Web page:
Xylitol – Alternative Low-Calorie Sweetener
As we learn more about how bad that simple sugars and simple carbohydrates are for are health, it's important to look into alternative sweeteners in our quest to improve health and safeguard longevity. One particular alternative to sugar that occurs naturally in the environment is known as Xylitol.
What is Xylitol?
Xylitol is an alternative sweetener that is present in many of the foods that we eat, like vegetables and fruits. Xylitol can also be extracted from particular hardwoods, and is used to fortify foods that we eat. In addition to absorbing Xylitol from diet, the human body has the capacity to make a small amount of the sugar alcohol using internal physiological processes.
How Long Has Xylitol Been Used for Food?
Xylitol has been used in foods since that late 19th century. The nutrient was first described in 1891 by a German researcher. Though it was used in a limited manner in the early 20th century, World War II led to a rapid increase in production and distribution of Xylitol, beginning in Finland, as a result of sugar scarcity during wartime. At the time, the Finnish named Xylitol Koivusokeri, which literally means Birch Sugar in English. Though Xylitol can be extracted from a variety of foods and organic products, it was first collected from birch fibers.
After World War II and into the sixties, Xylitol's use as a sweetener expanded quickly into Japan, the Soviet Union, and Europe. Eventually, Xylitol made its way onto American soil, and is widely used today. Xylitol has high marks from the American Dental Association for its impact on dental health, and has been approved by the Food and Drug Administration as a safe food product.
Where does American Xylitol Come From?
For commercial use, Xylitol generally comes from a few distinct sources, the most common of which are cornhusk, seed husks, cane pulp, and cellulose from trees.
How Do Simple Sugars Compare to Xylitol?
Table sugar and Xylitol are both potent sweeteners, but there are some major differences between the two. For example, Xylitol does not actually belong to the class of compounds known as sugar. In fact, Xylitol is a sugar alcohol. Other sugar alcohols include Erythritol, Maltitol, Mannitol, and Sorbitol. Most of the common sugars have 6-carbon chains, such as Dextrose, Fructose, and Sucrose. Xylitol, on the other hand, is a 5-carbon compound.
Xylitol has some powerful benefits as compared to common table sugar. As you've probably heard in recent months and years, it is becoming increasingly clear that excess sugar consumption has a hugely negative effect upon health, and sugar-alternatives such as Xylitol can replace sugar as a sweetener. Our bodies are designed to absorb simple sugars and carbohydrates rapidly, which leads to a spike in blood sugar and can hinder proper insulin production. In fact, the body can partially absorb Xylitol without Insulin, which further suppresses the need for insulin.
How Do Xylitol and Sugar Compare with Regard to Caloric Intake?
Because of these specific differences in how the body uses and metabolizes Xylitol, an equivalent amount of Xylitol will only lead to the absorption of 60% of the calories as compared to simple sugars. Xylitol passes through most of the digestive system without being metabolized, until it reaches the large intestine, where it is partially digested.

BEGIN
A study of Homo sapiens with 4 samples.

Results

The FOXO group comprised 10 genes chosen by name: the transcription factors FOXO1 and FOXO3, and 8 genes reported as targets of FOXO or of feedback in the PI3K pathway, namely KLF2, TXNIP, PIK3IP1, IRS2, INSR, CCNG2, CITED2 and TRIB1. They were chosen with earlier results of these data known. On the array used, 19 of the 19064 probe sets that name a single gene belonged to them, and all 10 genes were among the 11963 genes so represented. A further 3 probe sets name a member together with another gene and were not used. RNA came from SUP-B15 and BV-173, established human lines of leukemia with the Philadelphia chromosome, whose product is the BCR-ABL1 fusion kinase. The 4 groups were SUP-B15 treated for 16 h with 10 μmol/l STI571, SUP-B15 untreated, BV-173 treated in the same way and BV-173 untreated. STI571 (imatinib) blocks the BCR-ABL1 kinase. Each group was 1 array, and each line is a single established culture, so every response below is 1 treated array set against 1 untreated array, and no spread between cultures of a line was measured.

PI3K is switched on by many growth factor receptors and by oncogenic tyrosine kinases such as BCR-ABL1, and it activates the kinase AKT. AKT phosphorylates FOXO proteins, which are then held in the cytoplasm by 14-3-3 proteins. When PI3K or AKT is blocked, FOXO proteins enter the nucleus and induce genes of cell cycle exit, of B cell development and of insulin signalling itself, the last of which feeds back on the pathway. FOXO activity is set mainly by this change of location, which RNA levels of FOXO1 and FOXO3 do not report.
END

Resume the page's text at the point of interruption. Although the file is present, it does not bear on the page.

For the same sweetness, it would take 4 calories from sugar, as compared to only 2.4 for Xylitol. In addition to the sensation of sweetness, Xylitol leads to a sensation of cooling, not entirely unlike mint, but not as potent. This sensation occurs because Xylitol is an alcohol, and reacts with chemicals in the saliva, which leads it to absorb heat.
How Can Xylitol Benefit Health and Wellness?
Because of the dietary caloric benefits of Xylitol, there has been a lot of research on the chemical, as it relates to our health. Xylitol is frequently used in sugar-free gum, and has been endorsd by the ADA because of its positive impact on dental health. Studies have shown that brushing twice per day and chewing gum containing Xylitol leads to a major reduction in the formation of cavities.
There are two known means by which Xylitol safeguards oral health. Foods containing simple sugar are bad for our teeth because they encourage the proliferation of bad bacteria which induce an overly acidic environment in the mouth, which is terrible for tooth enamel. Unlike simple sugars, Xylitol does not undergo the process of fermentation. This helps preserve the natural pH of the mouth, which is slightly above 7. The second reason why Xylitol reduces the incidence of cavities is because it encourages the release of saliva, which both preserves the enamel and disperses acids which etch into the enamel.
One drawback of Xylitol and other sugar alcohols is that it can lead to gastrointestinal issues when consumed in excess. This is because Xylitol has laxative effects, resulting from the way that it passes through the digestive system. Because we only partially break down Xylitol, it can lead to diarrhea, flatulence, and bloating. Most people that use Xylitol regularly are able to overcome these laxative effects, and it should be noted that it takes a lot of Xylitol to lead to these issues. Xylitol is quickly becoming favored over other sugar alcohols (especially sorbitol), because it is much less likely to lead to gastrointestinal distress.
Combine Xylitol with Stevia and other Sugar Alternatives to Enhance Health
If you are interested in preserving your oral health and improving your overall wellness, chewing gum with Xylitol as a sweetener is a smart choice. Xylitol is not heavily used in foods and drinks that we eat every day, but Stevia makes a fantastic alternative to table sugar in teas, drinks, and many foods. Take steps to minimize your intake of simple sugars, and focus on getting your carbohydrates from complex such as whole grain rice, whole wheat bread, and vegetables.